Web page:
ESG shopping? Do your homework
Investors seeking to integrate environmental, social and corporate governance (ESG) factors into their investment decision-making process have some homework to do. The reason? There is a scarcity of clear ESG disclosures for small and midcap companies, meaning promising opportunities could be missed if only off-the-shelf ESG ratings and investment screens are used.
Even for large companies, ESG disclosures are consistently inconsistent. Researchers have identified four key failings of commonly used ESG ratings, all of which are amplified when applied to smaller companies:
- Market-cap bias Companies with more communication resources tend to score better.
- Disclosure/geographic bias National regulatory disclosure requirements drive scores, and scores reward disclosure (not necessarily performance).
- Industry bias Ratings do not discern between very different business models in the same industry, with more mature and regulated industries generally scoring higher.
- Reactivity Ratings are dragged down for an extended period of time following a controversy, despite the high likelihood that the companies responsible have consequently implemented changes that could improve their performance relative to peers.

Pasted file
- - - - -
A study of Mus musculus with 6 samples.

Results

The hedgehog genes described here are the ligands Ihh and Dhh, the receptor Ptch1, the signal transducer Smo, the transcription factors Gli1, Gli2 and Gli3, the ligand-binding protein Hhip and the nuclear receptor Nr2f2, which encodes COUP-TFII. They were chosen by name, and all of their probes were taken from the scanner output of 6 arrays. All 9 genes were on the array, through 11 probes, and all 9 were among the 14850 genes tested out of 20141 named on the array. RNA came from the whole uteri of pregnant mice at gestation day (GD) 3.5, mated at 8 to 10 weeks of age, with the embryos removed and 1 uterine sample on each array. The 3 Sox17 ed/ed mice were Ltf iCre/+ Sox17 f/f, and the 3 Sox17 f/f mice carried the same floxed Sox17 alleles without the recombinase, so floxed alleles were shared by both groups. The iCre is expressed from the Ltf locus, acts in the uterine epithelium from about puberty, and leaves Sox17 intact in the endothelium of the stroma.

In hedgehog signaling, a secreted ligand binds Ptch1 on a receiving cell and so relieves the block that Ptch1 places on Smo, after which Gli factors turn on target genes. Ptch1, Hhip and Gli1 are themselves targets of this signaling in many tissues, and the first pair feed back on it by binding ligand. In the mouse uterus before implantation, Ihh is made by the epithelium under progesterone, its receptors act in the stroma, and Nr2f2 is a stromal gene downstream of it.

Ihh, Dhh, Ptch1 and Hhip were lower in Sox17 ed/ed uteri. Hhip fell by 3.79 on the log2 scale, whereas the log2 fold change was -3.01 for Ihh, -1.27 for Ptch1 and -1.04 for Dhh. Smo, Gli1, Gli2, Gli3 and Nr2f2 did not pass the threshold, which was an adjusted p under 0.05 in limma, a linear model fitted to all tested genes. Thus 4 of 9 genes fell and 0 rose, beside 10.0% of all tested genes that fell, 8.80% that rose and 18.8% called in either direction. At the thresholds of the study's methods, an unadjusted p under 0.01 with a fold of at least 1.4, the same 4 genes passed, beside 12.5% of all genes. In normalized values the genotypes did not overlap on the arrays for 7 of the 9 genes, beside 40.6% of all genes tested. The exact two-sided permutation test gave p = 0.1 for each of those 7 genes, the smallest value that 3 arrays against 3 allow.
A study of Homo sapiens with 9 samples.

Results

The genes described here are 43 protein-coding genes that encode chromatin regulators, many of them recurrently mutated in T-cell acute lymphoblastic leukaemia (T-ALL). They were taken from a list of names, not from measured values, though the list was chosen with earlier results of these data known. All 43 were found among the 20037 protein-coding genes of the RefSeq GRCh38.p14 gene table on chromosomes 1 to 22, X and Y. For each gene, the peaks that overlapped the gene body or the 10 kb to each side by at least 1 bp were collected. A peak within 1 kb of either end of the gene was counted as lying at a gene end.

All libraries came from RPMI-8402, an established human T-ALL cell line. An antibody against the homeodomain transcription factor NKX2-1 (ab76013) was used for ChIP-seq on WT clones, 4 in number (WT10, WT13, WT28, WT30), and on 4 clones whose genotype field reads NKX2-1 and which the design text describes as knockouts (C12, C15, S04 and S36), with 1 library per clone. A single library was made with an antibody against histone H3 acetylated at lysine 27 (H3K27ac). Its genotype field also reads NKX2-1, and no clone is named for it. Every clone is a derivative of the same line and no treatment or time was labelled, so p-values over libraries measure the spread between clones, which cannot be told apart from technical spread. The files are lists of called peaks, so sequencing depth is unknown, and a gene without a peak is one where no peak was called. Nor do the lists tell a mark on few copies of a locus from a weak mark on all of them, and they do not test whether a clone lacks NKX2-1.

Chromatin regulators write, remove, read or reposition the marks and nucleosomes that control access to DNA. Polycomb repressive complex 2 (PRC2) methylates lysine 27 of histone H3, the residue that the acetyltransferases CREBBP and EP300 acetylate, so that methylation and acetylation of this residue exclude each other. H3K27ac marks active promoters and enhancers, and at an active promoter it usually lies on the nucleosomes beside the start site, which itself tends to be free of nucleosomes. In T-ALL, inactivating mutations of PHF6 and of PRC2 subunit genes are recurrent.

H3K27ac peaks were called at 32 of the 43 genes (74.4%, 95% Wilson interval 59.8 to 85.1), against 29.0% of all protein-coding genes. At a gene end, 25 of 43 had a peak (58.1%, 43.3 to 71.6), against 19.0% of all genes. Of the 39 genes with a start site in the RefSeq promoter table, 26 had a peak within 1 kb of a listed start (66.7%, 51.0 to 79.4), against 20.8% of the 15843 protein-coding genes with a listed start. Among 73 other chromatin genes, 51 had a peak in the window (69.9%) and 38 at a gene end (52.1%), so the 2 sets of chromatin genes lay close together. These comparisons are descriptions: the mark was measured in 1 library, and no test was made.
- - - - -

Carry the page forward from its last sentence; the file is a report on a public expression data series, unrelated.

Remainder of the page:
Why does this matter? Investors may miss out. For example, consider Brunswick Corp., a U.S. marine engine and boat manufacturer and one of the holdings1 in the Federated Hermes SDG Engagement Equity Fund. Despite having a below-average ESG rating, after meeting with management and doing in-depth ESG and fundamental analyses, we believe it is a high-quality company for these reasons:
- Brunswick has improved aspects of its corporate governance, including declassifying its board to ensure all directors faced election each year.
- Its manufacturing facilities are cutting-edge in terms of energy usage, air quality and waste reduction. Indeed, its principal Fond du Lac facility in Wisconsin has been winning sustainability awards since 2014.
- The company has a strong culture evidenced by very low employee turnover as well as high referral rates and a high proportion of female employees.
Had we not done our homework, we never would have uncovered these positives. Luckily, the company has been open to our engagement on ESG topics and has committed to expanding its sustainability strategy and reporting. As its disclosures improve, its ESG rating should rise as well, even if it continues to lag large-caps.
In sum, we believe investors should not depend on ESG ratings alone, but instead seek strategies that thoughtfully consider credible and meaningful ESG analysis.
1 As of 6/28/2019, Brunswick Corp. shares valued at $568,302 represented 2.0% of Federated Hermes SDG Engagement Equity Fund’s portfolio of $28,906,304.